Two-year-old Mirryn Cunningham has died in the UK after struggling with a rare form of childhood dementia.
"No pain any more. No medication. No drips. No oxygen. Just Mirryn," mum Vicky told the BBC.
The illness, known as Batten disease, meant she could not see or walk properly, nor eat food on her own.
"She fought hard for a long time now," Vicky said.
There is no cure for Batten disease, the BBC reports, and only about six children in the UK are born with it every year.
Mirryn spent the last two months of her life at the Children's Hospice Association of Scotland, where she died on Sunday (local time).
"She was getting her favourite story and she was being cuddled by mum and she just put her head on me and she took her last breath," Vicky told the BBC. "A big massive breath and that was her."
Vicky described her daughter as "miracle Mirryn".
"She fought hard and she earned her name miracle, she passed away in the most loving way with her family around her," a Facebook post on the page 'Team Miracle Mirryn' says.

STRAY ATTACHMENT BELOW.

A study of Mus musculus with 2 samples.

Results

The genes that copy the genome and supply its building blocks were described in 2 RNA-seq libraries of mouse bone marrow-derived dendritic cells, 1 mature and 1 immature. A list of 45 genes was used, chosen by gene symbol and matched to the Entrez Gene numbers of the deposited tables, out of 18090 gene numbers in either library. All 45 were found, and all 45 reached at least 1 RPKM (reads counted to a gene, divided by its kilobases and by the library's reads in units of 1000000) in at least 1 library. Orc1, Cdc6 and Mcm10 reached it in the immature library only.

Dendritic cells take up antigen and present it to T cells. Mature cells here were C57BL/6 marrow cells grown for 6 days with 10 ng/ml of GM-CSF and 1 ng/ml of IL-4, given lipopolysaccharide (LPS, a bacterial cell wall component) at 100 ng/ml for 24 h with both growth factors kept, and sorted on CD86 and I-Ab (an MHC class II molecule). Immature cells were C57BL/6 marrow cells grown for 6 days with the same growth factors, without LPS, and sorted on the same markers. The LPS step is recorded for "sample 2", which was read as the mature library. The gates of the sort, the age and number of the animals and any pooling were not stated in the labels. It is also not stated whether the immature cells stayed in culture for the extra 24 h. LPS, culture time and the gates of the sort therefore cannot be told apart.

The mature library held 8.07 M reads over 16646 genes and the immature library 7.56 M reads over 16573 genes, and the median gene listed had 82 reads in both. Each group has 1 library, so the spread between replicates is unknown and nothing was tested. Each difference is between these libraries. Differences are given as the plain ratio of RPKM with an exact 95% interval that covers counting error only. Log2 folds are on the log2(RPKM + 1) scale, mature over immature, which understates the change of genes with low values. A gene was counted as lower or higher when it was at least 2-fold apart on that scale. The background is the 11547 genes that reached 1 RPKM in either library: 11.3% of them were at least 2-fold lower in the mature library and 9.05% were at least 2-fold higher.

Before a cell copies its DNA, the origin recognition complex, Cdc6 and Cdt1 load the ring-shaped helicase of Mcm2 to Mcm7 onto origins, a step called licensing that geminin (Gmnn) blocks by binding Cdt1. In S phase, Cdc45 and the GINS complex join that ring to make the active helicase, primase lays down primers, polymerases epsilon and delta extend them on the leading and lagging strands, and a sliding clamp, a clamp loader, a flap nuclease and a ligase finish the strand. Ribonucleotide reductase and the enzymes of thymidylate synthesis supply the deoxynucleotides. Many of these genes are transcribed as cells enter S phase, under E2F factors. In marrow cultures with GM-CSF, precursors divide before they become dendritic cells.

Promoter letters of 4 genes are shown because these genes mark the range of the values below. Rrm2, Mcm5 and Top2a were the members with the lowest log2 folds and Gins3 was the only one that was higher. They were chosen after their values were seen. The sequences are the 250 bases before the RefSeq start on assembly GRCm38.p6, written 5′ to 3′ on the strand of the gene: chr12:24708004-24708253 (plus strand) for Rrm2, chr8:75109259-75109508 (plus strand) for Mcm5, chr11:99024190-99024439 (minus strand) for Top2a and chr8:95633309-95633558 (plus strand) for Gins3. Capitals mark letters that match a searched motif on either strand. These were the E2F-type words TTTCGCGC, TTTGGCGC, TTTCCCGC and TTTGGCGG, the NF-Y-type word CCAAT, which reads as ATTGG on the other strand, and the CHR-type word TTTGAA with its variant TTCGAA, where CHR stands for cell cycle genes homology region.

According to the National Institute of Neurological Disorders and Stroke website, children with Batten disease often appear healthy and develop normally before they begin to show symptoms.
"Common symptoms for most of the forms include vision loss, seizures, delay and eventual loss of skills previously acquired, dementia, and abnormal movements."
The website says children may develop personality and behaviour changes.
"Over time, affected children may suffer from worsening seizures and progressive loss of language, speech, intellectual abilities (dementia) and motor skills."